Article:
The New York State Bar Association Task Force on Racial Injustice and Police Reform will hold its second of three public forums from 4 p.m. to 6 p.m. today. The forum is open to the press, but pre-registration is required.


The second forum focuses on the often circuitous and complex criminal justice process that must be navigated by alleged offenders. The panelists bring a wealth of experience and expertise to this issue.


Don Kamin, Ph.D., a clinical psychologist who has held a variety of positions at the interface of the mental health and criminal justice systems, will be the keynote speaker. A former police academy instructor, he is the director of the Institute for Police, Mental Health and Community Collaboration in Rochester. He has worked in many states and recently conducted training for the Liberian National Police Force in Liberia, West Africa.


Panelists include:

Lucy Lang most recently served as director of the Institute for Innovation in Prosecution at John Jay College of Criminal Justice, where she worked with prosecutors, police, and families who lost loved ones to police violence to develop national protocols for police accountability. Lang previously served as an assistant district attorney in Manhattan where she investigated and prosecuted homicides, domestic violence and gun crimes and served as special counsel for policy and projects, creating a college-in-prison course to develop innovative criminal justice policy. She has spent the past three years teaching that class in New York State prisons.


Maritza Ming, assistant district attorney (ADA), was promoted to chief of staff in 2018 and is a key adviser to District Attorney Eric Gonzalez. She manages many of the day-to-day operations of the agency, including hiring, communications, diversity, human resources, fiscal matters, staffing assignments and supervision, as well as detective investigators. She joined the Brooklyn DA’s office in 1997 and has been a valued ADA during her career in the office, including serving as counsel to the district attorney, chief of the Immigrant Affairs Unit, deputy chief of the Early Case Assessment Bureau and as an ADA in the Grey Zone and Domestic Violence Bureau.


Jose Perez has been LatinoJustice PRLDEF’s (Puerto Rican Legal Defense and Education Fund) legal director since September 2007 and has been the lead lawyer in a number of LatinoJustice’s precedent-setting immigrants’ rights cases. Perez is a graduate of St. John’s University School of Law and began his legal career with the Queens County District Attorney’s Office. He also served in NYCHA’s Anti-Narcotics Strike Force, the Legal Aid Society’s Juvenile Rights and Civil Divisions as a staff and supervising attorney, and at the New York State Attorney General’s Office as deputy chief of the Consumer Frauds & Protection Bureau.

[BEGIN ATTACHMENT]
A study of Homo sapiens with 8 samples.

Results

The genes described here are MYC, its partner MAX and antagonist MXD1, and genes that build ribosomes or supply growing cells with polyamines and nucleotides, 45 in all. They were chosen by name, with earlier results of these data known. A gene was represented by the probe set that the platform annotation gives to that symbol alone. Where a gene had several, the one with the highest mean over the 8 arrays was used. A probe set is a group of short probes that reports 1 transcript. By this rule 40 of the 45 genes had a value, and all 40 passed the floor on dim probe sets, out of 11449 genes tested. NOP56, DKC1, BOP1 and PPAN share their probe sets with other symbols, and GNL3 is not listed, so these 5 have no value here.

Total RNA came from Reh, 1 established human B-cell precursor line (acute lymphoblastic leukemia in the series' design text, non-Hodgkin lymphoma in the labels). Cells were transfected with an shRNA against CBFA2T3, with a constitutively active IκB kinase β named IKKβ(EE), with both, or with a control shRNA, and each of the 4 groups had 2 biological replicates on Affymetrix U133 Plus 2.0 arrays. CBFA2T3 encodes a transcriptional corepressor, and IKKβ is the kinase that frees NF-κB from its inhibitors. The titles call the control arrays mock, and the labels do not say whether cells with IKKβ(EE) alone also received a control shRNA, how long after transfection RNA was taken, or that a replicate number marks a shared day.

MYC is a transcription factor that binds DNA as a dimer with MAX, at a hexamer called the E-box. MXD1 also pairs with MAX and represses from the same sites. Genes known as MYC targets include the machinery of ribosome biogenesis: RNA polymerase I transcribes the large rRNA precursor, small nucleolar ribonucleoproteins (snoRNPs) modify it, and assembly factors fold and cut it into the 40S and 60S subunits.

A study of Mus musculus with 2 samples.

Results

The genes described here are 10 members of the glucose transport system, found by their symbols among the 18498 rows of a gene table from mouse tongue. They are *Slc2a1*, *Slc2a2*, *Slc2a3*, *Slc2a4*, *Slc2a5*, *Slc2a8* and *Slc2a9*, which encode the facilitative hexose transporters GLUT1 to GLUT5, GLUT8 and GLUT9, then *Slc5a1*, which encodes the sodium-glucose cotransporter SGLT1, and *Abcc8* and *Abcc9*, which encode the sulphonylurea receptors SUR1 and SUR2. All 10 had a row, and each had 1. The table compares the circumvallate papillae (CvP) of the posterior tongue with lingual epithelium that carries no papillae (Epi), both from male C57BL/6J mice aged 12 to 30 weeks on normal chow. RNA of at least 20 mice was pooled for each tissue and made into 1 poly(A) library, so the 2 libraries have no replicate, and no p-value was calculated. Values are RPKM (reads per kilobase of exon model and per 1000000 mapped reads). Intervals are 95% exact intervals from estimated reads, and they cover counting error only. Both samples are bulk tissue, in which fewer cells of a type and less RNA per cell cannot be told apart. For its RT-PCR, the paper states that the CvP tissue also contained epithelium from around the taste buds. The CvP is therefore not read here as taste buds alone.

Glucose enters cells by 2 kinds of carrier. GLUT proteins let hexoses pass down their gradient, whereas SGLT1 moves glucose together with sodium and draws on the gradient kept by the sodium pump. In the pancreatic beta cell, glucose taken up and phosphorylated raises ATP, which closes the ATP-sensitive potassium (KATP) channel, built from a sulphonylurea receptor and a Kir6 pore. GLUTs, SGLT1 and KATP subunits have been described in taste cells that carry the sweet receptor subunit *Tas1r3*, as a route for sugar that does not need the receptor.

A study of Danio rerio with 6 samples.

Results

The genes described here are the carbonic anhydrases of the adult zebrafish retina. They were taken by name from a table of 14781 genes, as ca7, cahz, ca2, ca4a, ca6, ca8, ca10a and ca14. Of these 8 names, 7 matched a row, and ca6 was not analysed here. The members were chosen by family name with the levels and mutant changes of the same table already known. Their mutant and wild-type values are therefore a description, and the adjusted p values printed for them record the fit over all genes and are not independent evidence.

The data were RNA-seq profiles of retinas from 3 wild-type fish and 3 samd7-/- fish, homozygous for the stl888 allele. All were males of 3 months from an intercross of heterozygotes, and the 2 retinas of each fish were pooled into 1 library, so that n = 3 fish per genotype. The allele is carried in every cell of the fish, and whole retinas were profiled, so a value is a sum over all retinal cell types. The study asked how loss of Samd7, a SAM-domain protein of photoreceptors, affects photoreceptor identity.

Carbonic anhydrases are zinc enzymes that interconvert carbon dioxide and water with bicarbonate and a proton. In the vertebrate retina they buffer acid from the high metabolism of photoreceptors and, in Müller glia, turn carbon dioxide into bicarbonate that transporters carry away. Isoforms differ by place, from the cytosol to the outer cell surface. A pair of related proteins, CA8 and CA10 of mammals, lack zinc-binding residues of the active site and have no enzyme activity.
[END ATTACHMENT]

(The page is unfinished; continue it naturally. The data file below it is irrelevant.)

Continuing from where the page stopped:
Shannon Wong is the director of the Hudson Valley Chapter of the New York Civil Liberties Union. Her experience with legislative advocacy contributed to the successful passage of paid family leave, public defense reform and bail reform in New York State. Additionally, Wong has been instrumental in the passage of local police reform efforts including the police identification bill known as the Right to Know Act.


The mission of NYSBA’s Task Force on Racial Injustice and Police Reform is to understand the issues that contribute to police brutality and provide recommendations to policymakers, law enforcement and the judiciary to end deleterious policing practices that disproportionately impact persons of color. The task force is chaired by NYSBA President-Elect T. Andrew Brown and Taa Grays, a former association vice president from the first judicial district.


The first forum held by the task force on Sept. 22 focused on the City of Rochester, which has been rocked by revelations regarding the death of Daniel Prude, a mentally ill Black man who died of suffocation in March after police officers placed his head in a “spit hood” and pressed his face into the pavement. His death was not disclosed to the public for five months, sparking widespread protests and condemnation. After video footage of the encounter was released, Rochester Mayor Lovely Warren fired the police chief and the rest of the department’s highest-ranking officers either resigned or were demoted.


The task force is also soliciting written testimony in advance of the public forums. Please note – the final forum has been rescheduled from Oct. 5 to a later date.


To register for the forums, view the first forum or to find out more information about the task force, go to www.nysba.org/racialinjustice.


Comments or testimony must be submitted to fightinginjustice@nysba.org in advance of the hearing.


About the New York State Bar Association

The New York State Bar Association is the largest voluntary state bar association in the nation. Since 1876, NYSBA has helped shape the development of law, educated and informed the legal profession and the public, and championed the rights of New Yorkers through advocacy and guidance in our communities.